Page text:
View Full Version : 1917 shooting high?
older than dirt
1917 Win 30-06, perfect bore & 5 groves. Was at the range today & zeroed in at 50yds right at the POA. Moved out to 100yds & was shooting at least 1ft above POA. Is this normal with a 50yd zero for these rifles? I was shooting factory JSP 150gr & 180gr Win ammo & the results were the same. Also rear sight was on lowest elev. setting.
The battle sight ( ladder laying down) is zeroed at over 400yds. I can't find where it states what the lowest mark will give you with the ladder up, but I believe it is greater than 100 yds. Get a copy of "UNITED STATES RIFLE MODEL OF 1917", by C. S. Ferris if you don't already. For fun, try putting a bayonet on it and see how much it changes the POI.
I popped in a danish front sight with a taller pin than the original blade front sight. Now it hits closer to POA/POI at 100-200yds with my target loads. (lowest sight setting on ladder = 200yds).
Is your goal simply to find a front sight insert that will allow you to shoot to POA @100yds so as to make the gun more useable at "reasonable" distances? There's an outfit ( Springfield Sporters?) that sells a 5 pack of various height inserts. They're actually British SMLE inserts but they fit the P-14 and M1917 too. If I remember correctly the "blade" is the same height on every insert. What's differant is the thickness of the "pad" that the blade sits a upon.
Does your rifle still have the original Winchester front sight base and a W marked insert? The reason I ask is because during WWII rebuild of these rifles many had the original front sight base removed during the refinishing process. There was then no effort made to reinstall the original base/insert assembly, any assembly would do, regardless of manufacture. Then to make matters worse there was scant attention, if any, paid to sighting the gun in at the arsenal as they weren't intended to be front line weapons. The result is that many WWII rearsenaled rifles would shoot high or low. I have one of those, it shot incredibly low when I first got it it had a tall sight insert. I ended up using the lowest sight in the above mentioned 5 pack, even filed a bit off of the blade to make it usable @ 100yds. Worked fine @ 100yds after I did that.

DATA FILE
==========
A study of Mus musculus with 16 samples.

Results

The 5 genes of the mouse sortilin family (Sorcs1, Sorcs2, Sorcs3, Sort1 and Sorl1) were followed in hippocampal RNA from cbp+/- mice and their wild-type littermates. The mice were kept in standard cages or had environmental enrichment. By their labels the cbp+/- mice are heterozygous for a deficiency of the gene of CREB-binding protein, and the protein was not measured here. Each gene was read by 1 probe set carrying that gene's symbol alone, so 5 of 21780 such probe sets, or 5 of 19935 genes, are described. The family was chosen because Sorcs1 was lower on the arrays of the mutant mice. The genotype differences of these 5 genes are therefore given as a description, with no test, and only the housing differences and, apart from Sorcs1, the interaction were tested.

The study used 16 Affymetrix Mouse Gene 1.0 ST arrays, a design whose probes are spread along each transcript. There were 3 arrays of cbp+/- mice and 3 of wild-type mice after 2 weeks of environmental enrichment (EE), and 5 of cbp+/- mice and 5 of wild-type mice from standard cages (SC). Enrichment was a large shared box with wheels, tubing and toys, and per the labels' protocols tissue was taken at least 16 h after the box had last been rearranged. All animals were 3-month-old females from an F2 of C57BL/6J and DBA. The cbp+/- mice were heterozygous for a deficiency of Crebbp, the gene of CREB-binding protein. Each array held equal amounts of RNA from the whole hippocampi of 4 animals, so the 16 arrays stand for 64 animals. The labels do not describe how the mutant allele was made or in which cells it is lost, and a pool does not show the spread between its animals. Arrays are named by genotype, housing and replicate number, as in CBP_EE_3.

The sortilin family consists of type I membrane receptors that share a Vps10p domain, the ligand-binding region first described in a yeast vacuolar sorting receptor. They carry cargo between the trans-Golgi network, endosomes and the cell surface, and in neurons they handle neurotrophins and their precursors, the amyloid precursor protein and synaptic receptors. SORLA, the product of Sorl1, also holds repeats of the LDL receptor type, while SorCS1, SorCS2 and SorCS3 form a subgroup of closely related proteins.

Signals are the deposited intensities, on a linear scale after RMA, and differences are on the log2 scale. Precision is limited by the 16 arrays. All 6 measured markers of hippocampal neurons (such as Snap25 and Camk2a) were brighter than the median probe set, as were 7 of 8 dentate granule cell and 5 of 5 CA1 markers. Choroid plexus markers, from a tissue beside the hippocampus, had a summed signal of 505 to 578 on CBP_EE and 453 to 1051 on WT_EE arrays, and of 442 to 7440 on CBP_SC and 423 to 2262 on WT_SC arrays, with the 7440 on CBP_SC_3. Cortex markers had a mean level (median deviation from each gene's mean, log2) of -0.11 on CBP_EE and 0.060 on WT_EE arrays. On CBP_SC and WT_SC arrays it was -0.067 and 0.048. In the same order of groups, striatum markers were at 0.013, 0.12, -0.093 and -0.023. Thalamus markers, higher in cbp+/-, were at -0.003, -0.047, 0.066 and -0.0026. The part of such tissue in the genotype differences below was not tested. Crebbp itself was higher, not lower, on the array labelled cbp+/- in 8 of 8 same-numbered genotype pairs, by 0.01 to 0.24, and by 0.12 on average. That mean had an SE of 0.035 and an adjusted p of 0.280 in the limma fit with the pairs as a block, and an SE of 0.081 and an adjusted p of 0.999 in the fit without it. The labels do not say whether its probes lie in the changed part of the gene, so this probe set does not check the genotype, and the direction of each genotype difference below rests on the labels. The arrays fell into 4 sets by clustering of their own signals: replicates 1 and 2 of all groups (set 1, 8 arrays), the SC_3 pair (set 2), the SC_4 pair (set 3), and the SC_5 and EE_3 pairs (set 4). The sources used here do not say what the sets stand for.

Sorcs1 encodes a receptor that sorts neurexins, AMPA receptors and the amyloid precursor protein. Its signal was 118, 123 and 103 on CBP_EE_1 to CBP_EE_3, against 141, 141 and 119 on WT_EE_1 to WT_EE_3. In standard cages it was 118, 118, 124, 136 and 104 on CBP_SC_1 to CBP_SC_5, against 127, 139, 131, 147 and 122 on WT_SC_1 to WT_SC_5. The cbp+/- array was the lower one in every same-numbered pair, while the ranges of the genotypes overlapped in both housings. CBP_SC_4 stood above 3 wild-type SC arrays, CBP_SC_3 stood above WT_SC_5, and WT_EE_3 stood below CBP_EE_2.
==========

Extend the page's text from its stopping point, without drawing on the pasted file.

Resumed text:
Are you shooting with the leaf sight down or up?
The aperture you see with the leaf down is called the battle site and its Zeroed either at 400 or 450 yards (I have seen both distances referenced so am not sure which is true) .
If your shooting with the leaf site up, the bottom catch on the leaf is 200 yards, but I find that if you just put the slider ALL the way down below the last catch it pretty damn close to 100 yards.
Another possibility is if it shoots good for the first couple of shots and starts stringing upward you may have to adjust the stock fit, originally the very nose of the stock should give an upward force on the bottom of the barrel of 5-7 lbs.
I agree with Dan, bottoming the slide is usually very close to 100yd. However, things you should know, the Army trained soldiers to use 6 "O" clock hold (on the short range "A" target used at 200 and 300 yds) with a 10 inch black bulls eye. This means at 200 yards the rifle shot 5 inches high (center of the bull). The ammunition was different and so-on. Chances are, your rifle is pretty close to original settings, I believe they were checked at rebuild.
This can all be supported by FM 23-6, a quick easy way to get a copy is Google "M1917" click on the wikipedia site, scroll to the bottom, under the heading of External links is a digital copy of FM 23-6, definitely worth having.
Modern commercial ammunition is loaded a lot hotter than the ammunition the M1917 was designed to shoot and for which the sights were callibrated. Therefore it can be expected to shoot higher, Rem 150 Gr. PSPCL's shoot about 3"-4" higher at 100 yards than M2 ball from My M1903 and M1903A3 rifles. Military rifles tend to shoot higher anyway (there is a practical reason for this) especially with the battle sight on those old bolt guns.
The original cartridge for the 1917 was the 1906 cartridge, 150gr. (flat base) with an MV of 2,700fps. The M1 cartridge came along around the mid 20's and the M2 around 38. There's plenty of load data that would help troubleshoot the matter, personally I load em down, they don't kick so bad and they're very accurate.